The European Union will work to ensure that the decision by Russian giant Gazprom to discontinue deliveries to Poland and Bulgaria will have the least possible impact on consumers, European Commission President Ursula von der Leyen said on Wednesday (April 27th). compared the Kremlin’s gesture to “blackmail.”
Moscow says the gas shutdown is to impose its ruble payment requirement, which is needed to protect its economy from international sanctions over the war in Ukraine.
Von der Leyen told a news conference in Brussels that the Kremlin had failed to “sow division” between EU member states and that they were working to overcome the deficit.
“Gazprom’s announcement that it is unilaterally stopping gas supplies to certain EU member states is another challenge from the Kremlin. But it’s no surprise that the Kremlin is using fossil fuels to try to blackmail us. This is something that the European Commission has prepared for in close coordination and solidarity with the Member States and international partners. Our response will be immediate, unified and coordinated, “she said.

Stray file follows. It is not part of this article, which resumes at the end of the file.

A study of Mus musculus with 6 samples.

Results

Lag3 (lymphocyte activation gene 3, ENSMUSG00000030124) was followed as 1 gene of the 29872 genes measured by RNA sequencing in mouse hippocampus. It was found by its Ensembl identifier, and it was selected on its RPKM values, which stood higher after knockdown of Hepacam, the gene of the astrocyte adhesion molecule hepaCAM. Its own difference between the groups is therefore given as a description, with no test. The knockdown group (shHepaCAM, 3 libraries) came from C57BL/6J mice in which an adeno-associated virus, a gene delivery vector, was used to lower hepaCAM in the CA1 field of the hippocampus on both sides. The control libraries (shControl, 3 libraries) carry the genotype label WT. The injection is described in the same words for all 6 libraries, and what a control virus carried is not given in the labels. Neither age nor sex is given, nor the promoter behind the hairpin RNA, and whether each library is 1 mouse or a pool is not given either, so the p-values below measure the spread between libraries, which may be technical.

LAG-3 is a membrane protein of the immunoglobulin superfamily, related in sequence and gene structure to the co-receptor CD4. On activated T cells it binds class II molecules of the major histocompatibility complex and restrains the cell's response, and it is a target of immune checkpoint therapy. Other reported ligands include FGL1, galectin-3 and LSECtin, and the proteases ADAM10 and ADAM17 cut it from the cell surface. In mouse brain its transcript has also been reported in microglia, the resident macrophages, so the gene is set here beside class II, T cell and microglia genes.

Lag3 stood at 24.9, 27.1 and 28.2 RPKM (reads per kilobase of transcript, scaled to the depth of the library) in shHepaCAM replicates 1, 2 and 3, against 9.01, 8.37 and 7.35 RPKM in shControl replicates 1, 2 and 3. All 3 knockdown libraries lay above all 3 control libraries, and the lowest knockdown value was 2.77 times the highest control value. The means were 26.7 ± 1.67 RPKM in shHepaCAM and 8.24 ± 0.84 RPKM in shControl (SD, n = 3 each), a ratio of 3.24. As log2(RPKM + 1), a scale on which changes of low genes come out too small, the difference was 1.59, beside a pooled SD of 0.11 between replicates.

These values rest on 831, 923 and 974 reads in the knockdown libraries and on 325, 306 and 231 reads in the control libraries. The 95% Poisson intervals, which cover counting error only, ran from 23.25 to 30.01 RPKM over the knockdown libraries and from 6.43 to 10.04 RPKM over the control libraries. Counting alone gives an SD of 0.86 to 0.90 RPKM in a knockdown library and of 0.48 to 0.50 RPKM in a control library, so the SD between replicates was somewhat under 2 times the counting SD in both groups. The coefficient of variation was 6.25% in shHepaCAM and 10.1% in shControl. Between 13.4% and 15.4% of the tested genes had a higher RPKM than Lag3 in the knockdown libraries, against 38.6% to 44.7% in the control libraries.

Gazprom, the state-controlled gas monopoly that supplies Europe with about 40 percent of its gas needs, said transit through Poland and Bulgaria – whose pipelines supply Germany, Hungary and Serbia – would be disrupted if the fuel was illegally siphoned off.
Fears that several countries could be affected, especially Germany, Europe’s industrial power, which in 2021 relied on Russia for more than 50% of its gas, have led to rising gas prices.
However, von der Leyen said the EU states were working to strengthen Poland’s and Bulgaria’s supply from other sources.
Kremlin spokesman Dmitry Peskov said Russia was a reliable energy supplier.